So typical of our weather. Wait all summer for the big heat, then get it when everyone goes back to work and school. When the fall decorations are out, apple orchards are ready for the picking, and pumpkin spice fiends flood the cafes like zombies. It’s the pumpkin patch walking dead out there, and it’s around 90 degrees. Just what you’d expect!
We’ve got a few more days of summer warmth to go before things start to trend back toward ‘normal’ (whatever that is). Today high pressure is on control – providing plenty of sunshine and some local sea breezes forming for the afternoon. Most towns will spike well into the 80s, but humidity will stay in check for one more day. Return flow takes over on Friday (southwest wind), and that’s going to kick it up a notch to end the week. Here we have another shot at 90º as we add to the tally late in the game. Dew points will climb through the 60s, perhaps to 70º by the end of the day. That means a sweltering afternoon for after school sports, so make sure the kids are staying hydrated! Heat indices will likely top in the low to mid 90s during the afternoon.
NAM forecast for CAPE on Saturday. If this pans out (combo of high heat & humidity) we should see some strong thunderstorms. Source: WeatherBell
Steamy weather is expected into Saturday, with very high humidity and more warm temps. We’ll be eying a cold front, but the timing is still a little uncertain. If it holds off until late in the day, we could hit 90º again in parts of the area before the storms roll in. A little faster and clouds will stop that from happening. Either way, it’ll feel tropical out. Wind shear doesn’t look too impressive on Saturday, but if we get plenty of warming then CAPE values will be high and these storms will be able to feast on some unstable air. I’d be surprised if we didn’t get strong to severe thunderstorms to pop during the afternoon, starting first in western New England and then heading SE. Any storms will also feature torrential downpours and the threat of flash flooding, since the atmosphere will be primed with moisture. If you have any outdoor plans, keep a close watch on the forecast.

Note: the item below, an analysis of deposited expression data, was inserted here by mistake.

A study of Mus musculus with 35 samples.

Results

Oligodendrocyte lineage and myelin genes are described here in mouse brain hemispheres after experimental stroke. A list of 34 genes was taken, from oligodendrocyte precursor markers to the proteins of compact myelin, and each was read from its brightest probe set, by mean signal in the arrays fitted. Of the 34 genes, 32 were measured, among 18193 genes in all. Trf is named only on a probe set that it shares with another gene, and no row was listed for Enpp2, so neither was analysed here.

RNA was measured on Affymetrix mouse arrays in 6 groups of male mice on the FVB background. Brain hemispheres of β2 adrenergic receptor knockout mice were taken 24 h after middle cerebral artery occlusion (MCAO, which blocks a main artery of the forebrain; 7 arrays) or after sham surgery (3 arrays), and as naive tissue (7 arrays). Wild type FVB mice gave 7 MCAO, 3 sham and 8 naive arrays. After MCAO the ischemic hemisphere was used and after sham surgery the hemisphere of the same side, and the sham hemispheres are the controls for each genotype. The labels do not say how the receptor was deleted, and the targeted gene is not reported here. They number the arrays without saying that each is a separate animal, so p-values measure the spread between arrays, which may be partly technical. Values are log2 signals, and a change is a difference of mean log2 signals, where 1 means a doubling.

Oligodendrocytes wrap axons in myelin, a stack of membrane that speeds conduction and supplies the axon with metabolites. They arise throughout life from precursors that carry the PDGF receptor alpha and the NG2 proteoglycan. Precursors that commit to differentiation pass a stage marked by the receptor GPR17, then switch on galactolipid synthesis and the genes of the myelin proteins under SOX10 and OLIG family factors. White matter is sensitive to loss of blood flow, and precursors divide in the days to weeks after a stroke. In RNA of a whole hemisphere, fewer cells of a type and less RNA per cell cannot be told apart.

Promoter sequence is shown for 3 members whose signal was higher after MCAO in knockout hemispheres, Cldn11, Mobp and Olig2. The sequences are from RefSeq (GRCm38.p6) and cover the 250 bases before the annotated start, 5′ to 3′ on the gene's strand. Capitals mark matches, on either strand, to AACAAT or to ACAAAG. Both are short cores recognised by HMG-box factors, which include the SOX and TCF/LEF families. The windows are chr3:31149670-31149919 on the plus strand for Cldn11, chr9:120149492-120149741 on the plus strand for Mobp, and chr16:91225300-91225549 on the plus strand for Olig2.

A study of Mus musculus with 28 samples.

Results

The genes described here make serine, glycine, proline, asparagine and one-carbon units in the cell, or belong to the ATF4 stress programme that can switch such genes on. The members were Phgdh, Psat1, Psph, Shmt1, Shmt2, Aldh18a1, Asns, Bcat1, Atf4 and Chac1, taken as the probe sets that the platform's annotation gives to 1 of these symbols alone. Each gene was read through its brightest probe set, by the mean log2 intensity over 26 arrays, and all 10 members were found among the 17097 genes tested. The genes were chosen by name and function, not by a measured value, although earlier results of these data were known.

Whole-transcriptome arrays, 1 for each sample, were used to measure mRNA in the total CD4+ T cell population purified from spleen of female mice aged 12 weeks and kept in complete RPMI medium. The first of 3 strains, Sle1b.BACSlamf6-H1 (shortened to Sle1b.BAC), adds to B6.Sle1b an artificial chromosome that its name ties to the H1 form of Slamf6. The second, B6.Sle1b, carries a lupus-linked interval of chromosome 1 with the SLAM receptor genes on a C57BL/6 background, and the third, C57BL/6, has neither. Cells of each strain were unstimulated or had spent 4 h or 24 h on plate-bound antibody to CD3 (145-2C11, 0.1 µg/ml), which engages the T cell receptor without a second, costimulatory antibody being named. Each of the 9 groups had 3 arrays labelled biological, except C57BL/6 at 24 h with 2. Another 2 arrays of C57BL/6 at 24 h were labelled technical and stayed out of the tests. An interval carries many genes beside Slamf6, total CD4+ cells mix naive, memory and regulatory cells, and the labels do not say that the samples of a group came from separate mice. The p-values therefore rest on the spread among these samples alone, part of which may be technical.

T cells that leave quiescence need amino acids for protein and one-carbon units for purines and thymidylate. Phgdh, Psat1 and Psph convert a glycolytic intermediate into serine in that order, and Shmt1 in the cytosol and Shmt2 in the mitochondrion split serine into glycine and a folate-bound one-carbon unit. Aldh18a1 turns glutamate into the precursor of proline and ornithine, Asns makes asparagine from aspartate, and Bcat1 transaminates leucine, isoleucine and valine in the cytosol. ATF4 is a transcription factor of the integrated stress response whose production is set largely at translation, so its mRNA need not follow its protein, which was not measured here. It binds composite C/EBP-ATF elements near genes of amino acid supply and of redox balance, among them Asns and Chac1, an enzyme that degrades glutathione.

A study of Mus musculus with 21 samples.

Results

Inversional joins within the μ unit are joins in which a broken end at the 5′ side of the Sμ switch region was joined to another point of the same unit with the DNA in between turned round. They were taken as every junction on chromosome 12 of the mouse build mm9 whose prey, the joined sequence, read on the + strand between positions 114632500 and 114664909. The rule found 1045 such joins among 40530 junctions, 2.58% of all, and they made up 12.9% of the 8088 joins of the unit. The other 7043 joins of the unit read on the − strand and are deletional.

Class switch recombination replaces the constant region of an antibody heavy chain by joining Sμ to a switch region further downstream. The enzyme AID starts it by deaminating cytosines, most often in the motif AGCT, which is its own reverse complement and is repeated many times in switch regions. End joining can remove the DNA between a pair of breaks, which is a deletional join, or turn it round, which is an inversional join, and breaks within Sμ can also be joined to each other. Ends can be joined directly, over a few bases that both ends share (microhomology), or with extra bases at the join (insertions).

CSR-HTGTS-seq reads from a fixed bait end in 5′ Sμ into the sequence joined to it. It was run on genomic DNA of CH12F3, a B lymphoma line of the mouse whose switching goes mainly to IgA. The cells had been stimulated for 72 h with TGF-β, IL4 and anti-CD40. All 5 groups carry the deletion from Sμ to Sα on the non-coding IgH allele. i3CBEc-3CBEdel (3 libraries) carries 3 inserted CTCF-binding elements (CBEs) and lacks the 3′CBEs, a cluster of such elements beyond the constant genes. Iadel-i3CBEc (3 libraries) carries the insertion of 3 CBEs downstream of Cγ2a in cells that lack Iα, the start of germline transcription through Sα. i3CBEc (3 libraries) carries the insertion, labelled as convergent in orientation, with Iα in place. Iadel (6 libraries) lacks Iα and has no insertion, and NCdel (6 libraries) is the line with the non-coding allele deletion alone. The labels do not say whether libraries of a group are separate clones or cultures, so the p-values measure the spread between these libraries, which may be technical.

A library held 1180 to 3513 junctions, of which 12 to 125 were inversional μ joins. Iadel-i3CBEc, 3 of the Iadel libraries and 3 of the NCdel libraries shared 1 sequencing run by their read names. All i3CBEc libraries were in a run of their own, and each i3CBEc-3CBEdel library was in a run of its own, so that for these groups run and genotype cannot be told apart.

Once we get clear of that front, some of that ‘normal’ fall air is going to move in. I always put ‘normal’ in quotes and banish it from our graphics here at WBZ, because really there is no normal. Just averages, which usually aren’t what you get anyway! Just a measure in the middle of all the mood swings nature throws at us. In any case, fans of cooler weather will be happy with the Sunday through Wednesday stretch. The front will slowly edge out of the area on Sunday, bringing drier air in from west to east as the day wears on. Showers may linger for a while in the morning, especially across the Cape & Islands. Highs will top out in the low/mid 70s.
GFS forecast for MSLP and precip on Tuesday night of next week. A coastal scenario we’ll be keeping tabs on. Source: WeatherBell
While Monday looks great, there’s some interesting model fodder going for Tuesday/Wednesday. The GFS keeps trying to form an interesting tropical or sub-tropical low just off to our south. The ECMWF is less bullish on this, but it bears watching. If a low can organize close enough to us and float northward, then we could be in for a soaking and a cool onshore flow. If it slides out south, then we just have a couple of seasonable days. Something to put on your ‘keep an eye on it’ radar.
Another notable is the cold shot that’s been signaled in the models for the middle of next week. The first real blast of chilly Canadian air this fall is poised to hit the Upper Midwest. There may even be a few flakes to go along with it! In fact, there will be a LOT of snow falling across Canada over the course of the next 6 days with this unseasonably cold air mass lurking. It looks like the Midwest will take the brunt of this one, and we won’t be looking at any unusual cold blasts around here. In fact, that same trough may help building some ridging over us in the jet stream, allowing for some warmer air to try to sneak back in late next week.
And finally, there’s a storm in the tropics that’s of interest. While the open Atlantic is expected to be dead as a doornail for a significant stretch of time (MJO – Madden Julian Oscillation, not in favor of action), Norbert is making noise in the eastern Pacific. This may become a powerful hurricane, and it’s going to track very close to the Baja Peninsula. So close in fact that it should spread quite a bit of tropical moisture into southern California and the desert southwest by late in the weekend. This should promote widespread thunderstorms and downpours, and likely quite a bit of flash flooding as we head into next week.